The Nasdaq 100 has risen consistently over the past 2 1/2 weeks even as other markets stalled or faltered, climbing about 5.6%. Investors are euphoric. The only really bad day was Wednesday after Apple, the index’s biggest component, reported mixed earnings after the stock market closed Tuesday.
Let’s review the Nasdaq 100’s
current valuation and some of its components, including Facebook
both of which are testing longer-term resistance levels. Facebook is the fourth-largest member of the tech-bellwether index, and Microsoft is No. 2.
First, data show that the price-to-earnings (P/E) multiple on the Nasdaq 100 is 26.04, up 19% over the past year. The index has increased, in large part, due to multiple expansion, but overall earnings have not supported the increase in price.
Second, the dividend yield on the Nasdaq 100 has fallen by 15.5%, and currently is only 1.09%. Dividends have not been increasing, and have not supported higher prices either.
However, prices have increased, in almost a one-sided fashion at times, and when we look at the share prices of Facebook and Microsoft, we see similar patterns. But something interesting exists there.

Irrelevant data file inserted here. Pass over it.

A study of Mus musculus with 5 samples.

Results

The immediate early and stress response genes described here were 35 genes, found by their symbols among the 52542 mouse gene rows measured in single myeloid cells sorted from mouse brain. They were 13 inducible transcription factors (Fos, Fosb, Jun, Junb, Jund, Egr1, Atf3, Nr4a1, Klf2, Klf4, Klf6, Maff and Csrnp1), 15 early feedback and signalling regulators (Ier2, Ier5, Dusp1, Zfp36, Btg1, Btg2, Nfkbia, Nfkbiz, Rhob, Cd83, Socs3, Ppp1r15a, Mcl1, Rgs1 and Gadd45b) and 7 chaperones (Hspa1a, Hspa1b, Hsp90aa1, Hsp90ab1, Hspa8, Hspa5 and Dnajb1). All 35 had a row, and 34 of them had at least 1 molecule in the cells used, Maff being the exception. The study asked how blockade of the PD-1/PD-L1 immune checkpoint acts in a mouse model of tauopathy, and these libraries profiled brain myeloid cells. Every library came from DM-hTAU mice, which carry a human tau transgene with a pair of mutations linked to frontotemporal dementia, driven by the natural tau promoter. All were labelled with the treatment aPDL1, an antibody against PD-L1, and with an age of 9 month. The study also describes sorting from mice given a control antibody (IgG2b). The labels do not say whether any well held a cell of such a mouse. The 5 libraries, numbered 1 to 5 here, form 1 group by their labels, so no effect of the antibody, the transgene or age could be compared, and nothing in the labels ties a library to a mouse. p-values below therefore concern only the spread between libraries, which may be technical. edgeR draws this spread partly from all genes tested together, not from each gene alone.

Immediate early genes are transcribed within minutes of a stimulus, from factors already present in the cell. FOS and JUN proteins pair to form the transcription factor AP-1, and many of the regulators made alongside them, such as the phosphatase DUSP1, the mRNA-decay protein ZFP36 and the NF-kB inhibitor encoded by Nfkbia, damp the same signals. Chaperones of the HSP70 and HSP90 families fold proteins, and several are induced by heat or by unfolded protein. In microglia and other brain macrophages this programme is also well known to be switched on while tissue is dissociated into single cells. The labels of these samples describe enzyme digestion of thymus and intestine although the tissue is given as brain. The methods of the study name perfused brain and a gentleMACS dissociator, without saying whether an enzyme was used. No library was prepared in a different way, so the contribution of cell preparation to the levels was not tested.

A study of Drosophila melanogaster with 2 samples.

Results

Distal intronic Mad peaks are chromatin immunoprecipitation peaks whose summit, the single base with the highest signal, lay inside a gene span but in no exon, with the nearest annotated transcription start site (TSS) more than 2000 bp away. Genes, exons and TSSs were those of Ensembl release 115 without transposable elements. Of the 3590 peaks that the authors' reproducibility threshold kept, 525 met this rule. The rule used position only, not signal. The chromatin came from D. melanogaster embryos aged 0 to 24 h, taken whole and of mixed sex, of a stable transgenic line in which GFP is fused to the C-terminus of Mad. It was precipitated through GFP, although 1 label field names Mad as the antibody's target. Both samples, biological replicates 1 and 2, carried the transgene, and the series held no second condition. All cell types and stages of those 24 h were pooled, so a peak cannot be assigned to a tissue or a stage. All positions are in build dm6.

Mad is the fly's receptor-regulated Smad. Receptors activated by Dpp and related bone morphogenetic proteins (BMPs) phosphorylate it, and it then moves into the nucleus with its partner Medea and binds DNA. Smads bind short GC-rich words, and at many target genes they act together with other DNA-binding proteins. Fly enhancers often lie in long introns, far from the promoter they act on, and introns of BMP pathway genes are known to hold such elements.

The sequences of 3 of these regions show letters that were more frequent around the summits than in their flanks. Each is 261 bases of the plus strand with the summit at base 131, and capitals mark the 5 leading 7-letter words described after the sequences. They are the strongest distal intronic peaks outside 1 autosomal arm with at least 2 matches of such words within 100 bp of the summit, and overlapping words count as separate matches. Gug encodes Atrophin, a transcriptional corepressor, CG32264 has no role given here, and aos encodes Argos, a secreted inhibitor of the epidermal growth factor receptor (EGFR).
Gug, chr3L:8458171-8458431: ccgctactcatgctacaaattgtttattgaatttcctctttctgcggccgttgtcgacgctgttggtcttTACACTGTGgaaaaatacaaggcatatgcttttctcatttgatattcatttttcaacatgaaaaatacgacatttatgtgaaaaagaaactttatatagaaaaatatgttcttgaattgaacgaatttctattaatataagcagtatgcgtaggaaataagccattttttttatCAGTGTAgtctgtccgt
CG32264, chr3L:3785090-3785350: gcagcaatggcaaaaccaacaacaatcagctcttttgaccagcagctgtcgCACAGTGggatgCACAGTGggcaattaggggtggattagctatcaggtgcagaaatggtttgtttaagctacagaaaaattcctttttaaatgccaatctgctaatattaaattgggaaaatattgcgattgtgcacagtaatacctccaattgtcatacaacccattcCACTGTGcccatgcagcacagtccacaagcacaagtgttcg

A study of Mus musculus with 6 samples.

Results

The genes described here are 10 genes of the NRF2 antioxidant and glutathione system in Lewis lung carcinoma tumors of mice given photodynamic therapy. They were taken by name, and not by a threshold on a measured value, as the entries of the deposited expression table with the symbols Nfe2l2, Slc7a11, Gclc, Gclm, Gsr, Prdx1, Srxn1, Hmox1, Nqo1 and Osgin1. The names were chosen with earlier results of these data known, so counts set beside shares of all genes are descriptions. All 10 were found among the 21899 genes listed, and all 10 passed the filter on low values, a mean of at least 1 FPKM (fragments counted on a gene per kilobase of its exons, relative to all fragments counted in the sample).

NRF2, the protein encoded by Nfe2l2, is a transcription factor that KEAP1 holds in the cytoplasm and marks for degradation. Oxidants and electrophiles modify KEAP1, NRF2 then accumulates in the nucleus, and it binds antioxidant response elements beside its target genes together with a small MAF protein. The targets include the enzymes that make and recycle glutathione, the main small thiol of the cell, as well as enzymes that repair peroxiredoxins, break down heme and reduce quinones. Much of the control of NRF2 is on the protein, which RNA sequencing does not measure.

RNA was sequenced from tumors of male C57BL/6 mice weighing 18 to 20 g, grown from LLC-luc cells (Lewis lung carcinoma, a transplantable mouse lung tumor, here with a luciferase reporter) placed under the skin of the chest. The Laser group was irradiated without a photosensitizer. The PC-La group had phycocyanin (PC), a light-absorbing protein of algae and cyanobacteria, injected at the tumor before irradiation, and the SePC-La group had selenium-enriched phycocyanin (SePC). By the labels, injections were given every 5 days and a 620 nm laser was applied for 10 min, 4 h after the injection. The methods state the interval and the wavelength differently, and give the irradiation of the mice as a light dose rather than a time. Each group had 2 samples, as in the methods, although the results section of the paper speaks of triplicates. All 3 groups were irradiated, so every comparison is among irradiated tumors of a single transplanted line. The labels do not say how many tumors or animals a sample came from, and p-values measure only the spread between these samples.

Whereas Facebook has earnings growth that largely parallels its stock-price chart, Microsoft does not. Facebook’s stock is up 32% this year, triple that of Microsoft’s.
The following six valuation charts for each stock supports the findings:
Facebook is expected to have trailing 12-month (TTM) quarterly growth of 12.5% in the coming quarter, and Microsoft is actually expected to have a slightly negative growth rate. Yet the stock-price charts are almost identical.
Overall earnings growth this year is expected to be slightly above 5% for Microsoft, but the 23 multiple looks excessive when compared with that growth rate. The TTM PEG ratio (trailing 12-month price-to-earnings-to-growth ratio) for Microsoft is set to surge to 4.4 this year, and our assessment of fair value is when TTM PEG ratios are between 0-1.5.
Interestingly, although Facebook has a P/E ratio of 35, its annual growth rate is expected to be 53%, which causes its TTM PEG ratio to fall to 0.51, in line with fair value.
Looking ahead 12 months, the growth rate of Facebook is expected to fall, but so is the P/E multiple, and the overall TTM PEG ratio is still expected to be below 1 given that scenario. This would suggest that Facebook, even with its higher P/E ratio, is an interesting value.
The same cannot be said for the Nasdaq 100 as a whole, and Microsoft is a good example of that. As does Microsoft specifically, the Nasdaq 100 as a whole lacks value, as proven in the statistical data for the Nasdaq 100. And, arguably, stocks such as Microsoft have been direct beneficiaries of money flows that come into Nasdaq 100-based exchange traded funds such as PowerShares QQQ Trust
because of the growth of other stocks with eye-popping results like Facebook.